So here it is: ‘No Blue Skies’…written and photographed for the nascent but superb Foiling Magazine (issue #4). My first foray into surf journalism. And about time too.
‘No Blue Skies’ refers to the hardy experience of immersion into Cornwall’s mid-winter seas. Atlantic contrast to the tropical blue waters and skies of foiling’s epicentre in Maui.
Better still, it’s a completely free double-issue digital edition – so you can read it in full here from page 111. Two double spreads, 12 photographs and 2000 words. If you’re not hooked by the time you’ve finished, you can have your money back 😊
I started foiling two years ago – and it’s almost completely replaced surfing and SUPing ever since. It’s hooked me up with a group of fellow foiling obsessives here in north Cornwall, loosely named the Kernow Foil Crew.
Foiling – or hydrofoiling to give it its full name – is an evolution of surfing where you add a hydrofoil to the base of a surfboard (or paddle board). You paddle into a wave as you would normally…and then the magic (& mayhem) starts: the foil catches and lifts…you’re elevated 1-2ft above the water. Everything goes silent…and you accelerate into hyperspace. Essentially it’s a sensation of flying, not surfing. Very fast. Very floaty. Very fun.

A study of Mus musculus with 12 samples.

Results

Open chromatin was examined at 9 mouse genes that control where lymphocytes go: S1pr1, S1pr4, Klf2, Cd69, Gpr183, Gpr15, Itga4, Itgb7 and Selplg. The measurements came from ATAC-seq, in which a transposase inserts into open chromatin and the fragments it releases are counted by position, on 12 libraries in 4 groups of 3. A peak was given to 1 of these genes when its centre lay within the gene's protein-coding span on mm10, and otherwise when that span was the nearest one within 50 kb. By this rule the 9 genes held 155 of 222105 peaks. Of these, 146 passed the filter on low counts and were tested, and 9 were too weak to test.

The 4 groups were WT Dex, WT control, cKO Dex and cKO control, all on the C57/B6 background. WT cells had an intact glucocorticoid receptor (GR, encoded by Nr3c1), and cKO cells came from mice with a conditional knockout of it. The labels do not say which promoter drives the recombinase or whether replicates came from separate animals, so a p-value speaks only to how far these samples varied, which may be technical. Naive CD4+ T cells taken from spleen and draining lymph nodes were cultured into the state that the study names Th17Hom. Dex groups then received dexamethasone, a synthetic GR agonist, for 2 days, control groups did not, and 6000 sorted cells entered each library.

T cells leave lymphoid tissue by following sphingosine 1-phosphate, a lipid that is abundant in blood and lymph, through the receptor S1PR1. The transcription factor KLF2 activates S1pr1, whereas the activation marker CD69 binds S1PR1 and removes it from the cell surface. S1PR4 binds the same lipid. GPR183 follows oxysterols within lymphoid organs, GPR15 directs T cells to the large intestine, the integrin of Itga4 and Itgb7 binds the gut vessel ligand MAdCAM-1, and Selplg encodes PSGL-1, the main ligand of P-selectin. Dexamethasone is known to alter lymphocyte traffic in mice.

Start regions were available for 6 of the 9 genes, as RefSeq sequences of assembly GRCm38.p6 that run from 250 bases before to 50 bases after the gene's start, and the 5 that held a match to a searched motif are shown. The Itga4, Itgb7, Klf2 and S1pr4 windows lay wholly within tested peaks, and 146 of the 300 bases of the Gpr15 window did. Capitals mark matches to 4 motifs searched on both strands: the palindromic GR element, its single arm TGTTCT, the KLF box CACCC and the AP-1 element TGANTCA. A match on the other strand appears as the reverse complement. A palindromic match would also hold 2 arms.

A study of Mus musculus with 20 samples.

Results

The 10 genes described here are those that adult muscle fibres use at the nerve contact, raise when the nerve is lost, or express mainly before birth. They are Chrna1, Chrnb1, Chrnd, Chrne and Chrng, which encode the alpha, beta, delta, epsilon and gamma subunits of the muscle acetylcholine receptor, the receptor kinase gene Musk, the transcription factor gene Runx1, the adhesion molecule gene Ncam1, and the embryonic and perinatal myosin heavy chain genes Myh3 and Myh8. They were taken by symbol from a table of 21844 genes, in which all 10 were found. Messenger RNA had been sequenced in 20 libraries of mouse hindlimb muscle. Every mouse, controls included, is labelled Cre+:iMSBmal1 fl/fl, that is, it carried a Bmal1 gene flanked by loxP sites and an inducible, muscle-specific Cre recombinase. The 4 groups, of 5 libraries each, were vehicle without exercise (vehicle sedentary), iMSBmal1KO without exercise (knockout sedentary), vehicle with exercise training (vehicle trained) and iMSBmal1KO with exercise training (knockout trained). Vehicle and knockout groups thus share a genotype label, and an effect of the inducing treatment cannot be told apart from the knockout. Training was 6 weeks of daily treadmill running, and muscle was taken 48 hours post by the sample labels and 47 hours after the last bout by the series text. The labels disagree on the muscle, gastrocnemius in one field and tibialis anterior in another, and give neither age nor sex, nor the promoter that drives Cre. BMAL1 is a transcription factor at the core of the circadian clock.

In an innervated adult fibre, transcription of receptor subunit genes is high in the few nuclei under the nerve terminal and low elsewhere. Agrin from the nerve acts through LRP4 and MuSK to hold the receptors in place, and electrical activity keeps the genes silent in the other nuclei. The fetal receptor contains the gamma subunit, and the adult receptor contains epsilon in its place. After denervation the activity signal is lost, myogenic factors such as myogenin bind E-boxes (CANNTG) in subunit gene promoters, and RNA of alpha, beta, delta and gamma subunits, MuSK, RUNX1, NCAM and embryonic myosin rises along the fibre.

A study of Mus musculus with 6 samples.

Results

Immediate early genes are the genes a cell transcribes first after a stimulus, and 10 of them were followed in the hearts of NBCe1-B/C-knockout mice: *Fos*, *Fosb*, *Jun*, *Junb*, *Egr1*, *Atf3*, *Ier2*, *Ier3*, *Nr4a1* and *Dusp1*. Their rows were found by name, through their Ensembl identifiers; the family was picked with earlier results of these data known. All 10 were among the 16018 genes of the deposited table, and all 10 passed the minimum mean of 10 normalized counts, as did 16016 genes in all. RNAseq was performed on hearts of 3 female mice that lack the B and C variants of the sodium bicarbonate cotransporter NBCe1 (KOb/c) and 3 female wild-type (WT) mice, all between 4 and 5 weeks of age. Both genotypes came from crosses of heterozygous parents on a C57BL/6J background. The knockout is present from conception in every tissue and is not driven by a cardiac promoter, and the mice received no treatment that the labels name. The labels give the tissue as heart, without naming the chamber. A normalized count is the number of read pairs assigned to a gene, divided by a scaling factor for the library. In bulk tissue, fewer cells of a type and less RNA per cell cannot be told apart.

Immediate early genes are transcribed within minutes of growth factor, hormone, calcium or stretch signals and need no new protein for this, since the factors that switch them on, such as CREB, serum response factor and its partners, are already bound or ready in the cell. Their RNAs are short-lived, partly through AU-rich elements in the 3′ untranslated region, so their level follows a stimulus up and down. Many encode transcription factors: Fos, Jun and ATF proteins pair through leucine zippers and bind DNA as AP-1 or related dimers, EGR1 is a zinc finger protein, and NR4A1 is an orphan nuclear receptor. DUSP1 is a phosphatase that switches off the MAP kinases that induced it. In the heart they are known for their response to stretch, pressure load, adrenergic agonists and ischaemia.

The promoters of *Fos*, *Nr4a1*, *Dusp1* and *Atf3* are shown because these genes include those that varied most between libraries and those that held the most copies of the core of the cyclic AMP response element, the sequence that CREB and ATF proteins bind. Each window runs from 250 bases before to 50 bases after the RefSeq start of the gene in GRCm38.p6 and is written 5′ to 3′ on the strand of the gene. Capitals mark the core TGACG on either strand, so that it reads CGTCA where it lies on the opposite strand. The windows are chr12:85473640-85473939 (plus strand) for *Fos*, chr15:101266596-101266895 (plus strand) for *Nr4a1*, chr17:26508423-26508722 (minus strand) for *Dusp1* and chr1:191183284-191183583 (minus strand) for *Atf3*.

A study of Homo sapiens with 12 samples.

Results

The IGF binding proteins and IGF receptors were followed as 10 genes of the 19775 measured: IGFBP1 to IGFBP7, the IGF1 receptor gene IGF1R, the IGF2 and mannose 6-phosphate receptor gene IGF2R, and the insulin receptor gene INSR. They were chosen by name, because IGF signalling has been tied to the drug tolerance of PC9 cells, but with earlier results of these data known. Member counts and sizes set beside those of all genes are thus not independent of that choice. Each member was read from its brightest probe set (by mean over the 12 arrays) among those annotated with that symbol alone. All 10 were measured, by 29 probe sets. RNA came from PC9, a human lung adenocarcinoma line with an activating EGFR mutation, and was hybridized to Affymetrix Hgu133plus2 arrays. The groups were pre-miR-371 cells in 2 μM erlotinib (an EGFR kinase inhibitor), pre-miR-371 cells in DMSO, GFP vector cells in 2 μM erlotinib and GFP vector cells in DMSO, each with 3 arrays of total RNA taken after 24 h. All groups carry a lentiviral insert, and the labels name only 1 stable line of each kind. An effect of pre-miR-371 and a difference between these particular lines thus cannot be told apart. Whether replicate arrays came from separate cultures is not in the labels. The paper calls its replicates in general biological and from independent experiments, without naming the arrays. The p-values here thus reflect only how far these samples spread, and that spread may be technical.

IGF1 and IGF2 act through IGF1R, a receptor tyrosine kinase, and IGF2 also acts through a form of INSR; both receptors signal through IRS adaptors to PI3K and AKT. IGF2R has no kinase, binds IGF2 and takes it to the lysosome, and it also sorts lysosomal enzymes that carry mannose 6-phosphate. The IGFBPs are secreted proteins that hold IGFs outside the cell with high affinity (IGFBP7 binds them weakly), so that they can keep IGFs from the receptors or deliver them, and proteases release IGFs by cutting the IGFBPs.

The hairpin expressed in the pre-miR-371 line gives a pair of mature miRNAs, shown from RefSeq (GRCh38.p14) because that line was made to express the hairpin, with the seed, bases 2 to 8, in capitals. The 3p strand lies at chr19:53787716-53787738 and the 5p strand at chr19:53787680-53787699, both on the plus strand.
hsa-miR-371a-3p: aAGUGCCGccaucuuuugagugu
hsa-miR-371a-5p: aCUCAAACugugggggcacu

In truth it’s been great shooting this commercial photography for Foiling Magazine – essentially documenting my new foil gang. Luckily I finished the photography just before Covid-19 lockdown – and writing the text gave me something to work on during lockdown itself.
Don’t ask me about the dangers of photographing in the water as a super-sharp foil wing heads straight at me at 30kph, hoping vainly that my water-housing will mitigate some kind of limb-severing trauma…
Even harder has been seeing my foil mates progress steadily and then overtake me, as I miss sessions by photographing rather than foiling. Guess who’s the foil kook now?